It is a small balance of the subsidy granted. We find by actual calculation that the subsidies paid fell short by the amount of a mile and a half of what was voted, and of the length of line which they built.
14. To the International Railway Company of New Brunswick (formerly the Restigouche and Western Railway Company) for a line of railway from the western end. of the ten miles of Its railway, as already constructed from Caimpbellton towards a point on the St. John river between Grand Falls and Edmundston, not exceeding 67 miles, being a reyote, and in lieu of subsidies granted by chapter 4 of 1897, chapter 7 of 1899, item 42 of section 2 and chapter 8 of 1900, item 22 of section 2, 67 miles.
59. To the International Railway Company of New Brunswick for a line of railway, in addition to and in extension of the line of 67 miles mentioned in item 14 of this section, to a point on the St. John river between Grand Falls and Edmundston, not exceeding thirty-three miles, 33 miles.
Oh, no. The additional item (No. 59) to which I have referred, is in addition to the previous vote. I may say, generally, with regard to these votes, that they will be found to correspond almost exactly with the mileage. Where the difference has been very slight, a few miles, we have not put the additions in by special vote, but where the addition has been considerable, we have put in a separate vote to indicate it. So tbat the
-OCTOBER 19, 1903
revote substantially corresponds with the mileage previously voted. There may be a difference to the extent of three or four miles in one case, but not beyond that.
Has the work been actually commenced in every case of a revote, or is this just hanging out the sign ? Surely we should not vote subsidies year after year unless there has been some earnestness shown by the parties getting these subsidies in going on with the work. I would like to ask if work has actually been commenced in each case, and surveys and estimates of the cost made ?
I think in some cases the work has not actually commenced. But I do not think that should be a reason for refusing to subsidize a road. The work in many instances is slow,- the promoters having difficulty in getting the necessary capital. We have to be patient, and give them time. If the promoters have a reasonable hope of carrying on the work, we should not refuse the subsidy, if the enterprise on its merits deserves it.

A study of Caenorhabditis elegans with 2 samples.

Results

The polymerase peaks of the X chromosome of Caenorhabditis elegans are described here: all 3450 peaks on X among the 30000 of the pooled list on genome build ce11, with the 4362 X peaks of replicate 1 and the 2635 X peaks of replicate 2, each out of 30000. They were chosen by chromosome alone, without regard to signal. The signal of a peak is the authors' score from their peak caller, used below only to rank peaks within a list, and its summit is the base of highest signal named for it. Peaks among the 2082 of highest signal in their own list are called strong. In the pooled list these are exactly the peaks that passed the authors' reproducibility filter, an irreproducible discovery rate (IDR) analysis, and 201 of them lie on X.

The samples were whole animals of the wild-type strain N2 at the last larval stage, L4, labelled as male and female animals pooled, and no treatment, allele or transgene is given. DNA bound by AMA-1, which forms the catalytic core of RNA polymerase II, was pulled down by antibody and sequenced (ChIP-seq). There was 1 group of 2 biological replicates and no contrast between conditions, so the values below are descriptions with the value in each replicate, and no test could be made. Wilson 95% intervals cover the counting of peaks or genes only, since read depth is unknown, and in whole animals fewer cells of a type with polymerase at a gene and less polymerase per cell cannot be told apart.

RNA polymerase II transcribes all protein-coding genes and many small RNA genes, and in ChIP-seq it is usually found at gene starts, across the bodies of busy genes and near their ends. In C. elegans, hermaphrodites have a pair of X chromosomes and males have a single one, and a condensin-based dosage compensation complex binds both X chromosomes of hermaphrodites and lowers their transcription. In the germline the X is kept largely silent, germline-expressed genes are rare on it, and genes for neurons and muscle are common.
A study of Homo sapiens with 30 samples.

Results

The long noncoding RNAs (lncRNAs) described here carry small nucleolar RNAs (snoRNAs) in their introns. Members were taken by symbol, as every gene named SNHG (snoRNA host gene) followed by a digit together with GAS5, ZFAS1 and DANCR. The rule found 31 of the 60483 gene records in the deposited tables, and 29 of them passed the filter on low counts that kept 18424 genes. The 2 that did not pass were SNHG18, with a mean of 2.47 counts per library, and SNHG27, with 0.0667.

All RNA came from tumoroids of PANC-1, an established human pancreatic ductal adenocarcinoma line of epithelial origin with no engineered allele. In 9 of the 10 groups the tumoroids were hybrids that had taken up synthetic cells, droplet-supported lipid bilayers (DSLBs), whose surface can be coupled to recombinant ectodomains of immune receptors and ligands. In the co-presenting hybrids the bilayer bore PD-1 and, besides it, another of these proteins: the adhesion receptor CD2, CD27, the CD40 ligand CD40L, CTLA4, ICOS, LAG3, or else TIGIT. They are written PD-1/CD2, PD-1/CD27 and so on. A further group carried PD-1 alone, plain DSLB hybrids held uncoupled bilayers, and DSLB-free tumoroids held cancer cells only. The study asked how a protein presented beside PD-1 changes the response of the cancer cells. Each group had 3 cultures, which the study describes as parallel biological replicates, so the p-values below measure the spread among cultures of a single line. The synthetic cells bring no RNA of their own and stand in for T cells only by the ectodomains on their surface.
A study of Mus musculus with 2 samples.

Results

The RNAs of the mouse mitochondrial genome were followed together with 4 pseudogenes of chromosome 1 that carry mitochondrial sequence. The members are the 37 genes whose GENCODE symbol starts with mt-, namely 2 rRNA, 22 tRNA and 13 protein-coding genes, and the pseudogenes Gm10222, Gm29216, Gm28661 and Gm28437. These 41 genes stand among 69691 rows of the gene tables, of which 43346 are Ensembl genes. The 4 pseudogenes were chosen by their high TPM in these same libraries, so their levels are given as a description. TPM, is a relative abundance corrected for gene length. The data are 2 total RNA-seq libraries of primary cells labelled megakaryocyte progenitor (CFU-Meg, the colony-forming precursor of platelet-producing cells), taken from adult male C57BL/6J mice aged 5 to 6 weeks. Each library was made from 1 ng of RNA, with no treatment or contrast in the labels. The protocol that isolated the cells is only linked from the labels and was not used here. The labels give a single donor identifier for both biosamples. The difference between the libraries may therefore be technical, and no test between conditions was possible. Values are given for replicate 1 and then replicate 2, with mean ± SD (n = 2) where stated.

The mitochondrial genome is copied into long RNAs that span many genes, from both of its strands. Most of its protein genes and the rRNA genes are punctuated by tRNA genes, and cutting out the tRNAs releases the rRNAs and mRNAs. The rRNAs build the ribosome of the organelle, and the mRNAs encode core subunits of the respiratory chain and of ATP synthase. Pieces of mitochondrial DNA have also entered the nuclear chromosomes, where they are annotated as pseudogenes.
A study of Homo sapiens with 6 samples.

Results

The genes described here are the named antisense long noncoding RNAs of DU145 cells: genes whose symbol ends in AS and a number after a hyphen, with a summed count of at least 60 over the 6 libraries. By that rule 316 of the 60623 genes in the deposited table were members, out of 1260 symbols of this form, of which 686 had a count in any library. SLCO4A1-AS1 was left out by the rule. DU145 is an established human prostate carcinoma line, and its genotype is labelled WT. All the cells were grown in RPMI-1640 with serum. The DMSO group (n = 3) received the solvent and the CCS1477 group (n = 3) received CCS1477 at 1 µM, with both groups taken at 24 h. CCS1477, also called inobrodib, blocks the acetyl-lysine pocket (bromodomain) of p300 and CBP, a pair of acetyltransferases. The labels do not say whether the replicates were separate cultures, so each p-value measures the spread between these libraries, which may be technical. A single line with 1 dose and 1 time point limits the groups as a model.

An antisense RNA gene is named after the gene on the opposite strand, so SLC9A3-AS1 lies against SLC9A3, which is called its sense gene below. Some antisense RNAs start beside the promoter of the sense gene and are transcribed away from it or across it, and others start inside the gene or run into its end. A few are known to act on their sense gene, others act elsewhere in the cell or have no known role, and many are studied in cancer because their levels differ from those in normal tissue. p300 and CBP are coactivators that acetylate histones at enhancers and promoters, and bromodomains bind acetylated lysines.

Is there any limit, or is it the intention to vote and revote the subsidies for all time ? There ought to be some evidence of good faith on the part of the promoters. I am not now criticising the character of the scheme at all; but I think we should have some information as to the policy of the government in matters of that kind. I do not think the Minister of Finance would be prepared to say that this parliament should vote and revote these subsidies year after year as often as they lapse, unless something has occurred in the meantime.
In the first place, this parliament should only vote subsidies to the most deserving cases, and they should be bona fide cases in which men propose to | go on with the work. Surely the hon. gentleman does not advocate our going on voting bonuses to parties who in many cases are endeavouring to sell them out. To vote and re vote these bonuses has a tendency to give these promoters opportunities of making money out of these schemes. I do not think it is standing in the way of any proper enterprise to say that no subsidy should be voted to a railway project unless it has life in it, or unless its promoters are prepared to go on with it. I can understand cases in which unforeseen circumstances might arise ; but I do not think the hon. gentleman should ask us to pass any one of these revotes without giving us reasons for the delay in going on with the work.
It is not merely a question between the promoters and parliament. Even where the promoters might not exercise due diligence, as some might think, the community is interested in
the railway ; and if one company has failed, perhaps others associated in the enterprise might make it a success. We must not forget that these enterprises are for the benefit of those portions of the country through which they run, and the people residing and owning property there ; and if the promoters do not make satisfactory progress, that is no reason for refusing to grant aid, not merely to the promoters, but to the people of the country through which the railway runs. I am sure my hon. friend would not want to do that.
No, I am too good-natured for that. The hon. gentleman has made the best possible argument in support of my contention, in saying that the people are chiefly interested. Why should persons get a charter for a railway, and get a subsidy voted, and then hold back the enterprise year after year instead of giving the service to the people ? The Minister of Finance should not ask this House to revote a single subsidy where there has been ample time to go on with the work, without giving some reason why it has not gone on.
With respect to the railway described in this item, I may say that the first ten miles are completed, and the remainder are under construction. That is a line running from the Baie des Chaleurs to St. John river to connect with the Bangor and Aroostook Railway.